Now, more than ever, we are in desperate need of good ideas and fresh ways of looking at problems. Looking at the world through the impassioned eyes of a young environmentalist, there is a temptation to emend the clear design errors and poor infrastructure. True, there are a great many of problems to approach, but with the right mentality and skill set, one need not worry. And with entities like CommonStudio, a design studio fused with the mission and intellect of green urban planning, there is much hope for the future.
Like Organic Soul on Facebook
First up in the gallery of CommonStudio ventures is Greenaid. The idea behind this project is neatly described by FastCompany.com, “Greenaid Fosters Johnny Appleseeds for the 21st-Century”.
How so, you ask? Greenaid is essentially gumball machine, seed style. Imagine your classic arcade candy dispenser, but instead of Skittles or cheap plastic rings being dispensed, you get a small, clay-and-compost covered seedling. These nutrient packed earth candies are what CommonStudio dubs “seedbombs”.
Sick of those empty, dilapidated lots? How about the stretches of sidewalk with nothing but dead or dying earth, only to be over taken by waste or more asphalt? Well, bombs away.
Whether you’re an educator, a politician, a student, or a stay at home parent, Greenaid is here to help make your neighborhood look a little bit greener. Simply buy or rent a dispenser, place it in an area you think you and your fellow citizens will use it most, and Greenaid takes care of the rest.
Next, CommonStudio has developed a truly innovative way of looking at our streets, or, more specifically, our gutters. With this project, CommonStudio looks to perform transplant surgery for our cities.
Our curb sides, unfortunately, haven’t come a very long way in history of urban development. First we paved them, and then we….left them that way. So, while our architects and city planners have done wonders with the design and implementation of resource management, the curbside has seemed to have been, well, left at the curbside.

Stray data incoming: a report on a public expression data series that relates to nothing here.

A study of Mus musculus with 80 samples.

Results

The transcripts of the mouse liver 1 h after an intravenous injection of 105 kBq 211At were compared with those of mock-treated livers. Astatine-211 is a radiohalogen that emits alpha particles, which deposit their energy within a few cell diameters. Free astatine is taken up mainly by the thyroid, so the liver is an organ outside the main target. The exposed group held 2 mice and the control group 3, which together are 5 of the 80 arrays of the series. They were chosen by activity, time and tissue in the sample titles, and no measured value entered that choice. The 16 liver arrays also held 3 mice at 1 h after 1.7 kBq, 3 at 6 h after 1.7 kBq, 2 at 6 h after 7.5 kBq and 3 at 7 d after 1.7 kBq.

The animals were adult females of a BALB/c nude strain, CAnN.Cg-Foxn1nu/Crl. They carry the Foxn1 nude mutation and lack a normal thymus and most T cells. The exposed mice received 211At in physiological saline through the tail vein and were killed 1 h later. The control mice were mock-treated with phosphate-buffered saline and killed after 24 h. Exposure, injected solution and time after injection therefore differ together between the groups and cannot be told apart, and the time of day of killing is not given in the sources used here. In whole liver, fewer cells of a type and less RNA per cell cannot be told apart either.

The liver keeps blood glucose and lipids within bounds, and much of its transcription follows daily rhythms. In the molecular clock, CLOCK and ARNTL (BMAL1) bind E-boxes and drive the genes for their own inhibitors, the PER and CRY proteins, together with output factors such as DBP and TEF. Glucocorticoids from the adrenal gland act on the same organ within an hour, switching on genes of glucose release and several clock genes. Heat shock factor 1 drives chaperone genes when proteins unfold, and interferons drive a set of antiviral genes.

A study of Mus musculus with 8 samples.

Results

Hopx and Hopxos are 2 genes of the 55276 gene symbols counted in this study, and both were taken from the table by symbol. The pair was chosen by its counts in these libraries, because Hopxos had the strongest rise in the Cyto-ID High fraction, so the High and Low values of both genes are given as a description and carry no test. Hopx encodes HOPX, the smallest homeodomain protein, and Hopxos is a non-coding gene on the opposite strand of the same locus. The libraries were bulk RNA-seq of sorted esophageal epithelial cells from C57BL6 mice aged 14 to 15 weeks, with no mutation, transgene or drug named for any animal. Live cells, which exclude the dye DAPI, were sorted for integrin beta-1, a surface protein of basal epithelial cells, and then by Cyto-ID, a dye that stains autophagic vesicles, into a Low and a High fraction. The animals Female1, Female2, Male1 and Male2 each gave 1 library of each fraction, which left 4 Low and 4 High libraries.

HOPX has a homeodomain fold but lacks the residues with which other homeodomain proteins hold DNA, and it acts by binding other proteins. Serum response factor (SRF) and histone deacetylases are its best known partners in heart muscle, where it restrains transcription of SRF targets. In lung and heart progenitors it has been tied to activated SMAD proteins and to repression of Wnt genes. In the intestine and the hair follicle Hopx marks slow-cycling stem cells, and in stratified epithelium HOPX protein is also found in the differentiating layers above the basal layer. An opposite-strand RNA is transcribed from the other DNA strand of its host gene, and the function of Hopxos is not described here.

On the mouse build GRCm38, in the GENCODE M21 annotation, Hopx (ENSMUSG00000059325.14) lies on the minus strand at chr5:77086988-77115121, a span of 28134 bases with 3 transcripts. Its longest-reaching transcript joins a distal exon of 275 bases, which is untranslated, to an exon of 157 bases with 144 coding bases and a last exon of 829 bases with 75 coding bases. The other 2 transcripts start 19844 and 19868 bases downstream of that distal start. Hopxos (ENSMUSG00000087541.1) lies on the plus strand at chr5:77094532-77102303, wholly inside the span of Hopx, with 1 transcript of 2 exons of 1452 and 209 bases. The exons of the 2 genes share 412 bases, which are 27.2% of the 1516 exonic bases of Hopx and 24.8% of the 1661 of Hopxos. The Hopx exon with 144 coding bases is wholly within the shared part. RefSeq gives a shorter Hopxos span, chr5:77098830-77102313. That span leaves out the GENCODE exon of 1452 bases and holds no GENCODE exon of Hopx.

Now, times have changed. Curban Ecology is a system of filtration, bio-remediation, and collection of waste. Through a network of varying crosshatched channels and voids, the developers hope to divert wastewater through a cleansing process. The system will take in water from the street like any other gutter, but the real magic comes in with what is done to the water.
Acting as “miniature wetlands”, levels of silt or gravel will filter debris and chemicals as water percolates down to the soil below. Any larger debris is captured by a collection chamber, which is to be emptied/recycled periodically. This offers cities their very own “kidneys”, systemically cleaning the street (like an organ) and without people having to think much about it (also, like an organ).
The best part is that through the natural process of filtration, the curbside will also naturally develop a greener ecosystem, adding a bit of lush green to the dull grey pavement. In a sense, anything can be planted in the curbside ecosystem – so some pretty flowers are never out of the question.
Now, isn’t that what you want to see as you walk down the street and into your work?
The Minds Behind It
The final question remains: who are the minds behind these great ideas?
Daniel Phillips, an environmental designer and writer, has partnered up with Kim Karlsrud, a designer and educator of equal passion. Together, they form a formidable engine of change in regards to our urban ecosystems. Both are passionate for travel, contemporary solutions for contemporary problems, and spreading awareness. Equally so, they are modest about their products' implementation and scope.
Case in point, the creators don’t look at “Greenaid and “seedbombing” as a final solution to urban ecological development. Rather, they consider it a creative and unique tool to emphasize the importance and the ability of individuals to take a step in the right direction. Creator Daniel Phillips may have said it best when he acknowledged seedbombing served as a fun way for people to get involved with “incremental beautification” of their environment.
Hopefully, more minds like Phillips’ and Karlsrud’s will pop-up and further help us develop our good habits. As long as they continue to do so, the rest of us can rest assured innovative thinking is underway. Kudos CommonStudio, kudos.
Click here for more information on CommonStudio!